Safety is an issue for everyone in industrial and warehouse environments. That’s why so many distributors offer a safety product line, if not make it their core offering.
This month, ID is focusing on two prominent safety categories:
Eye protection isn’t what it used to be. Safety glasses of yesteryear are bulky, heavy, and largely designed as one-size-fits all for cost savings. But as OSHA citations and fines are on the rise for the first time in 25 years, and the cap penalty OSHA can impose has nearly doubled, employers are realizing that spending a little more up front on eye protection products tends to pay off in the long run.
“The relationship between improved design and compliance is simple: workers requiring eye protection are more likely to put on – and keep on – safety glasses that look good and provide long-term comfort,” says Katie Mielcarek, Marketing Manager for Gateway Safety. “This trend is relevant for employers who want to both avoid OSHA citations and, more importantly, keep their employees safe.”
Mielcarek says that one of the biggest areas of improvement in eye protection is in regards to the temple area – behind the eyes. Poor temple designs can put too much pressure on this area, pinch the back of the head, or cause glasses to fall off in hot, sweaty conditions.
“Workers that don’t find their eye protection comfortable will frequently put their safety glasses on top of their heads, or remove them entirely,” Mielcarek says. “By focusing on specialized temple features that improve comfort, manufacturers can produce products that workers will want to wear, which encourages employers to buy, and distributor businesses to grow.”
Like with any industrial product, technology is constantly changing to fit the needs of PPE users. When it comes to eye protection, products that answer the need for both protection and comfort will improve compliance. A pair of safety glasses can be the best in the industry at protecting the eyes, but can still be a poor product if employees tend not to wear them because of comfort issues.
“Safety eyewear products that offer better fit and comfort – with emphasis on unique temple design – will improve compliance,” Mielcarek says. “Distributors should be looking for manufacturing partners who are listening to end user needs and finding innovative ways to produce better safety eyewear for today’s workers.”
At the STAFDA convention this past November, Protective Industrial Products' vice president of sales Robin Roberts spoke about the evolution of safety products, using fall protection as an example. When Roberts started his career in 1979, a fall protection unit was usually just a safety belt with a single D-ring and a six-foot nylon rope lanyard with snap hooks on both ends. It sold for about $50 to the end user.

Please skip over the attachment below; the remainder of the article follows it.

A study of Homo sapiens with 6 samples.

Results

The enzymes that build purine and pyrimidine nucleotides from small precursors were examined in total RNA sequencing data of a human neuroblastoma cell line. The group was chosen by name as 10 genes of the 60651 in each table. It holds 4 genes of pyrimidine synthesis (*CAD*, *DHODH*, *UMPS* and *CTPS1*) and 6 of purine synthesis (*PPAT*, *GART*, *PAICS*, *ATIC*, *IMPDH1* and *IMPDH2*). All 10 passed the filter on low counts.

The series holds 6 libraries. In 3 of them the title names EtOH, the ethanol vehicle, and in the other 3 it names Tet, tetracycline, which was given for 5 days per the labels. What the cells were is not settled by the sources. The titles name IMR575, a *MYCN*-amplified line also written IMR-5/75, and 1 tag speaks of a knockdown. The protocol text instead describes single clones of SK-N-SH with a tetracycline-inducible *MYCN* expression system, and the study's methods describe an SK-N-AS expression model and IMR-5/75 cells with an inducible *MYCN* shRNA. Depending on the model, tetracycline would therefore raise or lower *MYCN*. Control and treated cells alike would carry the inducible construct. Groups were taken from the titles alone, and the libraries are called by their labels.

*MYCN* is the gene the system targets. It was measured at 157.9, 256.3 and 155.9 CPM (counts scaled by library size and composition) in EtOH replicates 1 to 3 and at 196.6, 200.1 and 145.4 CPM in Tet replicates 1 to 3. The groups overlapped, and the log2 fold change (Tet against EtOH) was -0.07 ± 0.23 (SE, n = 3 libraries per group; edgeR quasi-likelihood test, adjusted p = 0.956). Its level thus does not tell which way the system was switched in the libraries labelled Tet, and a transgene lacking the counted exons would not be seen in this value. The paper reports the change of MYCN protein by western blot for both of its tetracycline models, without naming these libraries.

“Today, standard fall protection is a full body harness with a retractable shock-absorbing landyard system that sells for about $300,” Roberts said.
Obviously, the cost of fall protection products have risen significantly over the last 37 years, but so have their ability to ensure users come home safely.
With 7,402 citations last year, fall protection was OSHA’s top safety violation of 2015 for a fifth-year running. Trips, slips, and falls are among the most common causes of serious work-related injuries and deaths.
“Slips, trips and falls are preventable, and it’s vital that employers put effective workplace strategies in place to prevent employees from falling off of overhead platforms, elevated work stations or into holes in walls and floors,” says Rob Honeycutt, co-founder of fall protection solutions provider SixAxis.
Today’s OSHA standards require that fall protection be provided at elevations of four feet in general industry workplaces, five feet in shipyards, six feet in the construction industry, and eight feet in longshoring operations. In addition, OSHA necessitates that fall protection be provided when working over dangerous equipment and machinery, regardless of the fall distance.
“OSHA’s four-foot rule has continued to generate platform, stair and handrail projects and many specialty fall protection products – like gangways for tank car and trucks – continue to grow,” Honeycutt says.